New Delhi, Aug 7 (IANS) Indias central auditor has castigated the government over defence cost and time overruns and irregularities in bids for procurements, including a $2.1 billion deal of January 2009 to buy P8I maritime reconnaissance aircraft from Boeing, risking the preparedness and effectiveness of the Armed Forces.
The report tabled in parliament said that the US company Boeing was favoured over its Spanish competitor EADS CASA to procure the fleet of P8I – an aircraft that has been deployed on all key missions and exercises of the Indian Navy.
The report said the Defence Ministry while evaluating the bids for conclusion of the contract for a long range maritime reconnaissance anti-submarine warfare aircraft “enhanced the financial bid of EADS CASA to cater for 20 years product support cost while ignoring this element in respect of Boeing, USA.
“The contract was concluded with Boeing in January 2009 ($2.1 billion). At a later date, Boeing offered the product support under a separate negotiable contract and consequently the deduced ranking of Boeing as L-1 (lowest bidder) turned out to be incorrect.”
The auditor said it has found that Boeing has not met its offset obligations of $ 641 million till March 2018, despite the contract specifying that all obligations have to be fulfilled by August 2016.
The report said the critical role equipment of Boeing were not fully meeting the needs of the Indian Navy.
“Owing to capability limitations of radars installed onboard, the aircraft is not able to achieve the envisaged coverage area requirements. The (naval staff qualitative requirements) NSQRs had envisaged the procurement of torpedoes and ‘X’ bombs as the ammunition for anti-submarine warfare.”
However, the contract for procurement of ‘X’ bombs had not yet been concluded and reasons for non-procurement of ‘X’ bombs were yet to be intimated by the Indian Navy.
Thus, in the absence of the bombs, the anti-submarine warfare “capability of the aircraft could only be partially fulfilled”, it said.
Besides the eight ordered in 2009, India ordered an additional four P8I in 2016 in a $1 billion deal.
The report also lashed out at the government over the proposed indigenous development of an Airborne Early Warning and Control (AEW&C) system which was approved in 2004 at a cost of Rs 1,800 crore to be completed by 2011.
“Besides, non-achievement of certain operational requirements specified by (the Indian Air Forces), there was time overrun of 70 per cent. Selection of Embraer as platform created design constraints and caused delay. The achievement of indigenisation was only about 48 per cent of project cost. The project conceived in 2002 is yet to be fully realised leaving gaps in air surveillance capability of the IAF.”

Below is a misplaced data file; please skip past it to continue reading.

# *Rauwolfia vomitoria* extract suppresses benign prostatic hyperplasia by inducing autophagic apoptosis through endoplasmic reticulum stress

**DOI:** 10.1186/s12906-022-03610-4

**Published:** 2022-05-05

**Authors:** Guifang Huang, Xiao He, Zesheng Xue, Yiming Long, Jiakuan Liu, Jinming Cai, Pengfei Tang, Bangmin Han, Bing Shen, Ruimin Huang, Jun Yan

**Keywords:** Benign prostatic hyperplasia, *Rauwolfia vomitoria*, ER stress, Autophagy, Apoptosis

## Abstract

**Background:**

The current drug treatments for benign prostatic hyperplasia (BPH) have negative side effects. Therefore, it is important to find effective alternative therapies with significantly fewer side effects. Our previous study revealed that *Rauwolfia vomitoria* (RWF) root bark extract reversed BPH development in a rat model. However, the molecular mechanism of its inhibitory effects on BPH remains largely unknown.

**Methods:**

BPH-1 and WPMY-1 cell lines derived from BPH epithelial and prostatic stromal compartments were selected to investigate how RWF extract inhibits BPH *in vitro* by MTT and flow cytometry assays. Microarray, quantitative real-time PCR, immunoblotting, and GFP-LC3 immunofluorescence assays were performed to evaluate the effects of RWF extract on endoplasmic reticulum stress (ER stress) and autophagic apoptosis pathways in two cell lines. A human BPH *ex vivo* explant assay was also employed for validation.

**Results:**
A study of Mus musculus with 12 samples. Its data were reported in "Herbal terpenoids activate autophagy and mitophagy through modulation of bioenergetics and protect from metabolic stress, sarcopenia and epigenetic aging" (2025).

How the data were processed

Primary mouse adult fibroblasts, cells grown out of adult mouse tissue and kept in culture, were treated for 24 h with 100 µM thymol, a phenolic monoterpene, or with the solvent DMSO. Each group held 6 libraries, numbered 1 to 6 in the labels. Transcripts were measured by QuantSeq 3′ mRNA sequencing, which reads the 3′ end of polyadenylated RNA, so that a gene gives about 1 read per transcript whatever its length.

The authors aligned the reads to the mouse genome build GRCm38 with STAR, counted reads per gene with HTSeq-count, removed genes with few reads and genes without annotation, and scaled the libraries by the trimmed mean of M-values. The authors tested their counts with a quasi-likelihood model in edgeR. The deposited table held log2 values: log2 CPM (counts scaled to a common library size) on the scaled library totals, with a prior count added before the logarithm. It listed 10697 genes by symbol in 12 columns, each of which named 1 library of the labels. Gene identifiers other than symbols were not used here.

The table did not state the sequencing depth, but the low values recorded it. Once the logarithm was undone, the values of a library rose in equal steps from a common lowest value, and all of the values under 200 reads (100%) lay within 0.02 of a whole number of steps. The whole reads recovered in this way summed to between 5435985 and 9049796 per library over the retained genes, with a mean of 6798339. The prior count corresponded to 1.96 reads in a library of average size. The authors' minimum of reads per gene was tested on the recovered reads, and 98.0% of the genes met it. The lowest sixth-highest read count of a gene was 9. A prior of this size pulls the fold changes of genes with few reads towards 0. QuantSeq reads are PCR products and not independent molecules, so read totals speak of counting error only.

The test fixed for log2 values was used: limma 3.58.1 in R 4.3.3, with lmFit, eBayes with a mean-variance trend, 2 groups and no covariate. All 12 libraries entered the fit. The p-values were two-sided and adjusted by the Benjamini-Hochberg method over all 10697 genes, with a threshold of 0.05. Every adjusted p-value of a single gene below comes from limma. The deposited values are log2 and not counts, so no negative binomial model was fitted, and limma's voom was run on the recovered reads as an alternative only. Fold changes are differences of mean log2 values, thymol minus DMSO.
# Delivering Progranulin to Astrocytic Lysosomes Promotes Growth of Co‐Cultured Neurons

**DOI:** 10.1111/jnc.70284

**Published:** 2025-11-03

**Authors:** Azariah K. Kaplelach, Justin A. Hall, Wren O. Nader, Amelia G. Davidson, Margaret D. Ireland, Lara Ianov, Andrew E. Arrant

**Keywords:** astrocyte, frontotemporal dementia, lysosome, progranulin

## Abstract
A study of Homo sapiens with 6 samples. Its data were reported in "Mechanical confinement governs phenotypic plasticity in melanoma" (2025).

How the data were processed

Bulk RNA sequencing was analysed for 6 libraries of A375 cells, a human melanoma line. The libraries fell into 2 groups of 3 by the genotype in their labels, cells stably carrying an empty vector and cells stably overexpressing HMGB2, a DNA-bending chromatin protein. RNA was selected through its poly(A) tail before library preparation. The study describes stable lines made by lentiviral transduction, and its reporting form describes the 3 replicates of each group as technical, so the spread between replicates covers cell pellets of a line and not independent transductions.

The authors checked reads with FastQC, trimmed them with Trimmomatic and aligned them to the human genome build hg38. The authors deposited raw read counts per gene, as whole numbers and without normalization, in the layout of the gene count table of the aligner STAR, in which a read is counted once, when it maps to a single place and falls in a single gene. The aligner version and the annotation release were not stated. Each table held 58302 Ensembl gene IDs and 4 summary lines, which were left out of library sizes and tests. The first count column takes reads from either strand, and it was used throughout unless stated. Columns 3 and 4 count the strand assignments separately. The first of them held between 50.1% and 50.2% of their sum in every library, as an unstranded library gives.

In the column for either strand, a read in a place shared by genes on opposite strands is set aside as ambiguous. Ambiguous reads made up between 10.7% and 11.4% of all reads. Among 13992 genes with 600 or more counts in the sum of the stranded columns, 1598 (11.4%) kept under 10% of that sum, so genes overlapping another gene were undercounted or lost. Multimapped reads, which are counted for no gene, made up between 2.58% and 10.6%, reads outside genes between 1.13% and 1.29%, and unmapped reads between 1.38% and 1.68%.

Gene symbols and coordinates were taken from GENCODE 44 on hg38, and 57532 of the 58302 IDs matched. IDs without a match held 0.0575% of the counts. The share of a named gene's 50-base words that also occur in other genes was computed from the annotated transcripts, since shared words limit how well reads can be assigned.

It has also highlighted irregularity in procurement of MiG aircraft tyres through “faulty tendering process adopted since 2009”
This has resulted in the contract being repeatedly awarded to the same foreign vendor, despite the vendor supplying defective tyres.
“The IAF is saddled with defective, unusable 3080 MiG tyres from the firm, valuing Rs 5.92 crore. Faulty RFP was issued as it did not correctly specify the quality requirement and the price evaluation criteria. Vendors were selected for issue of RFP on pick and choose basis.”
Indigenisation was forgone to facilitate import of tyres.
Pointing out irregularities in tendering for repair and overhaul of Mi-17 1V helicopters, the report said the IAF “unwarrantedly” delayed the procurement of repair and overhaul facility for the helicopters.
“Repair and overhaul of the helicopters suffered from severe delays, excess expenditure and monopolization of repair and overhaul of helicopters by the Russian firm. By the time the contract was signed, most of the helicopters were grounded for want of repairs. By not setting up of the facility which would have costed about Rs 196 crore, the IAF committed to spend more than Rs 600 crore by sending the helicopters abroad for repairs.”
The audit has also found inadequacies in the support facilities at IAF airfields adversely affecting their readiness.
These included facilities like restoration of runway after bombing, modernisation of communication systems, safe landing and take-off of aircraft, surveillance of aircraft while in air, refuelling of aircraft and handling of armaments to be loaded on the aircraft.
The government implemented a project for modernisation of airfield infrastructure at a cost of Rs 1220 cr by 2014 for a specified number of airfields. But till date, only a few number of airfields were commissioned.
“There were shortfalls in the equipment to be held by the airfields, which was mainly due to delay in the procurement,” said the report about the operational readiness of the IAF airfields which is vital for air operations, especially during conflict.